No one could have ever imagined the whole country taking a forced vacation all at once - at the request of the government.
Now we’ve got to figure out to pay for it all.
As a result of the spread of the COVID-19, governments have requested citizens avoid crowds of 10 and above. All non-essential services have been requested to shut down.
Now, it might not seem dentists should shut down, but local dental office owner Carole Dryer shut down her dental practice in Tonto Basin after the Centers for Disease Control and the American Dental Association sent out an advisory.
“It is better to be safe than sorry,” said Dryer, “We have a responsibly to our patients. This is something we don’t know or know how dangerous it is.”
Around the world, businesses owners have faced the same decision, with big potential impacts on employees.
State and federal legislators are scrambling to prevent businesses from crashing, with long-term impacts on the economy.
Some models predict a 20% unemployment rate without help for businesses and workers.
The Labor Department reports unemployment claims this week jumped by 70,000 to 281,000 – a bigger jump than any week during the 2008 financial crisis and recession.
In other words, Rim Country workers and businesses are not alone. Around the country, people are doing staycations while sheltering at home as medical facilities struggle to keep up with the first flow of COVID-19 patients.
The U.S. has not had a spike in unemployment like this since the Great Depression.
President Donald Trump and Congress have burned the midnight oil to discuss a few different types of relief such as:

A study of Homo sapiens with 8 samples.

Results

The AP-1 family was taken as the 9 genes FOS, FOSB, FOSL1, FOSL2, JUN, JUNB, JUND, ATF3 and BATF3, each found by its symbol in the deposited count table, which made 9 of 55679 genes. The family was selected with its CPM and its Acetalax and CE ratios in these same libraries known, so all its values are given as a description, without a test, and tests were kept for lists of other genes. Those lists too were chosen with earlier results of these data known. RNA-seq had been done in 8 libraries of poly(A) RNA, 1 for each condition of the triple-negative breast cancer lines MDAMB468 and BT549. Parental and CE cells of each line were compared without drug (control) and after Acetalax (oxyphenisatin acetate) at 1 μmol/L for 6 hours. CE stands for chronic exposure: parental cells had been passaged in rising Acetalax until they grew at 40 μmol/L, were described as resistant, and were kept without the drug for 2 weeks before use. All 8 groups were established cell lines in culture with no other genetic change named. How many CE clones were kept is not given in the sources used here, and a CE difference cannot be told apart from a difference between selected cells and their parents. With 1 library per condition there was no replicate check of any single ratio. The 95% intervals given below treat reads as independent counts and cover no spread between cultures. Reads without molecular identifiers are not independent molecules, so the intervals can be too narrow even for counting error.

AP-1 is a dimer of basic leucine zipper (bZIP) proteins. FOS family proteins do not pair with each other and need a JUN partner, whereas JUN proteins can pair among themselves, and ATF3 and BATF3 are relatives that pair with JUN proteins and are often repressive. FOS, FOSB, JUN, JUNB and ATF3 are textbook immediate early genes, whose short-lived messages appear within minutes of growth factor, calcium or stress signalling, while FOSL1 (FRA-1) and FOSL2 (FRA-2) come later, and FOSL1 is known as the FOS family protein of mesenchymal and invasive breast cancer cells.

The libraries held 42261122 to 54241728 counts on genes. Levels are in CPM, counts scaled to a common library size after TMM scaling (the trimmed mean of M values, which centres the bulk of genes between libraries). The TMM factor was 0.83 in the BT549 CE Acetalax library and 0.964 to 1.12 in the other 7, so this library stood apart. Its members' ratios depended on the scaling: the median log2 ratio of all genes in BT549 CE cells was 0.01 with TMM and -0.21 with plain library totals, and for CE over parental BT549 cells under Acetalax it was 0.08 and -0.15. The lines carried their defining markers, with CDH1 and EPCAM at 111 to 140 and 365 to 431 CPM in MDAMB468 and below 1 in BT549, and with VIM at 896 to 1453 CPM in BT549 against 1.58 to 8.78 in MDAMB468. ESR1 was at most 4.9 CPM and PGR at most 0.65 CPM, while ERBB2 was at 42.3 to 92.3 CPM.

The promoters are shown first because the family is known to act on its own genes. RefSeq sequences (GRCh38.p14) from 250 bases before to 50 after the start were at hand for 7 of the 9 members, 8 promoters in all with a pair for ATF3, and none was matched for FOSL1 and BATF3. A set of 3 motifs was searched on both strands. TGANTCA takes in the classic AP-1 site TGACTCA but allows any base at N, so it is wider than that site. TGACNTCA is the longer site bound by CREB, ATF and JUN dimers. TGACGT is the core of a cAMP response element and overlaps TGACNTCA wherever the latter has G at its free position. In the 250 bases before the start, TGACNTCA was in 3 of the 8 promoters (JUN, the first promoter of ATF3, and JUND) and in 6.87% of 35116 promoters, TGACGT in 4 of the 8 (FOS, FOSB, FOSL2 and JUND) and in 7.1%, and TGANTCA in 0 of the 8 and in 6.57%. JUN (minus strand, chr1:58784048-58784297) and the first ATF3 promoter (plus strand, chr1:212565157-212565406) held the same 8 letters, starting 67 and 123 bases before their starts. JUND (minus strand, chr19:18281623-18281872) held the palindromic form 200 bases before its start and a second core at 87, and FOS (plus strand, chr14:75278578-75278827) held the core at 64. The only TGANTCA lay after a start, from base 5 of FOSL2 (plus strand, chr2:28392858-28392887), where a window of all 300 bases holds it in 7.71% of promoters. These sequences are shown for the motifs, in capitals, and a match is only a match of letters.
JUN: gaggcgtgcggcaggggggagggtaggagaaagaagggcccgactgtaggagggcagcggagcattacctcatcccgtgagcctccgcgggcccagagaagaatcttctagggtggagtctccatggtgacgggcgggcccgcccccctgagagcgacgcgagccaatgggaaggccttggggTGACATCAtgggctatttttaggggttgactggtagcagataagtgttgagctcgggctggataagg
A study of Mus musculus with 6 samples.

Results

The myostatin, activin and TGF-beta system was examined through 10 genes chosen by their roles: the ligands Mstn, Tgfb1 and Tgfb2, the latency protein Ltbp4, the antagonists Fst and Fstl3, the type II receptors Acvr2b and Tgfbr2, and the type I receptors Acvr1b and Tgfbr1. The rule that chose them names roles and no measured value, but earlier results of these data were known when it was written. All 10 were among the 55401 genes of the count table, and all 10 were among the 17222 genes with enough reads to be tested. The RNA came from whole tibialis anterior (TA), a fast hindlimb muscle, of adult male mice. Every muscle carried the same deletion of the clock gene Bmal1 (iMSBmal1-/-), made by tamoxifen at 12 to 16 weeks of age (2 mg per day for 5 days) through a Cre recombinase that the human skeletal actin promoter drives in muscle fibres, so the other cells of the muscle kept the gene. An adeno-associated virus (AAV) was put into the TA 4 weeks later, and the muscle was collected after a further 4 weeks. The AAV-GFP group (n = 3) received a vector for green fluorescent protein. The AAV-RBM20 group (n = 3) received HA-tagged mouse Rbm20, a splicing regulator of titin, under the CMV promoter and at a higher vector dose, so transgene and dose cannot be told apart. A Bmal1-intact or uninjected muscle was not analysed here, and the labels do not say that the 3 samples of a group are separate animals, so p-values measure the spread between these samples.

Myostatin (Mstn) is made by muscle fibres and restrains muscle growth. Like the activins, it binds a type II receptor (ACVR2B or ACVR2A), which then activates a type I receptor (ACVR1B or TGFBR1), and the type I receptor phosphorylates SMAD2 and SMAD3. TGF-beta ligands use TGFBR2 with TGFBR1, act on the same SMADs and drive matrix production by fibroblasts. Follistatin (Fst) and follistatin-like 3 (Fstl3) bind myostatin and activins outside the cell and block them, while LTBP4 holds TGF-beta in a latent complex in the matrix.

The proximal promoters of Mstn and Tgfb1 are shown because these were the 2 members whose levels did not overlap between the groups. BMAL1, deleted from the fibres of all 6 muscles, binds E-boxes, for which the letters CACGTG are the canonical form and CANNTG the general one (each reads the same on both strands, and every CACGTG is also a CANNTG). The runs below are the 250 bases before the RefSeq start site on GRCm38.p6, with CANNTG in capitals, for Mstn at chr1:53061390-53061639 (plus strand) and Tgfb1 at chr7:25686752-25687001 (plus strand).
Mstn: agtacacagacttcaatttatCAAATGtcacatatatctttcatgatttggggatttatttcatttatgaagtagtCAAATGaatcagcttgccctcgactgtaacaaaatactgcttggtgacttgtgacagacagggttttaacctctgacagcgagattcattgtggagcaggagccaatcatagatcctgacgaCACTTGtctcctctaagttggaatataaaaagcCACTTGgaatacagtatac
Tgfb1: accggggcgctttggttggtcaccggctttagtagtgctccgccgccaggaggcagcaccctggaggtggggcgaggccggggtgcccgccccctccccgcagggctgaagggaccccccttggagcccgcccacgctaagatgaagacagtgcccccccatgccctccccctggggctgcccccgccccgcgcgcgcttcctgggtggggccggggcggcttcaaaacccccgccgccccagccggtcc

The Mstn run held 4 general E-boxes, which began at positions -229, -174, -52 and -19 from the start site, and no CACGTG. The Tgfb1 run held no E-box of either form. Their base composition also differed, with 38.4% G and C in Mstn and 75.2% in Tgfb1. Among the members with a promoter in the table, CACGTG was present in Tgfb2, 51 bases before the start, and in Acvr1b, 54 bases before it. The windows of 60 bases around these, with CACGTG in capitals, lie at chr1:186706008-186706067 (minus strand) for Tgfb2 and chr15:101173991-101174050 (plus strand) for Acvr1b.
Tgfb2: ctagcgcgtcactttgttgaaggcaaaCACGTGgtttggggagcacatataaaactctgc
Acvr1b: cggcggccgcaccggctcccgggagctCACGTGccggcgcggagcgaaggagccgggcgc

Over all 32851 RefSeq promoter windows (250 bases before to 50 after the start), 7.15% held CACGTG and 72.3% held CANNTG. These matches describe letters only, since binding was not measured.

Providing direct payments to households
Offering loans for businesses and corporations.
Making it easier to restructure debt.
Delaying income tax payments plus interest payments and penalties for 90-days.
The price tag on the Trump Administration’s proposed package could reach $1 trillion.
In preparation, the Federal Reserve is offering emergency loans to financial institutions.
At the state level, Governor Doug Ducey’s emergency declaration will provide up to $2 million in loans for a qualifying small business through the U.S. Small Business Administration.
Businesses suffering substantial economic injury because of COVID-19 can apply for this loan through the Small Business Administration’s website by going to SBA.gov/disaster.
“The loans may be used to pay fixed debts, payroll, accounts payable and other bills that can’t be paid because of COVID-19’s impact,” said a press release from the governor’s office.
The interest rate is 3.75% for small businesses without credit available elsewhere.
For non-profits, the interest rate is 2.75%.
The loans have terms as long as 30 years to keep payments affordable. Terms are determined on a case by case basis.
Dryer just hopes everyone takes the vacation to slow the spread so the medical system can keep up with demand.
She will still be open to handle emergencies.
“You can treat a tooth infection with antibiotics,” she said, “There are a lot of things you can do that do not expose you.”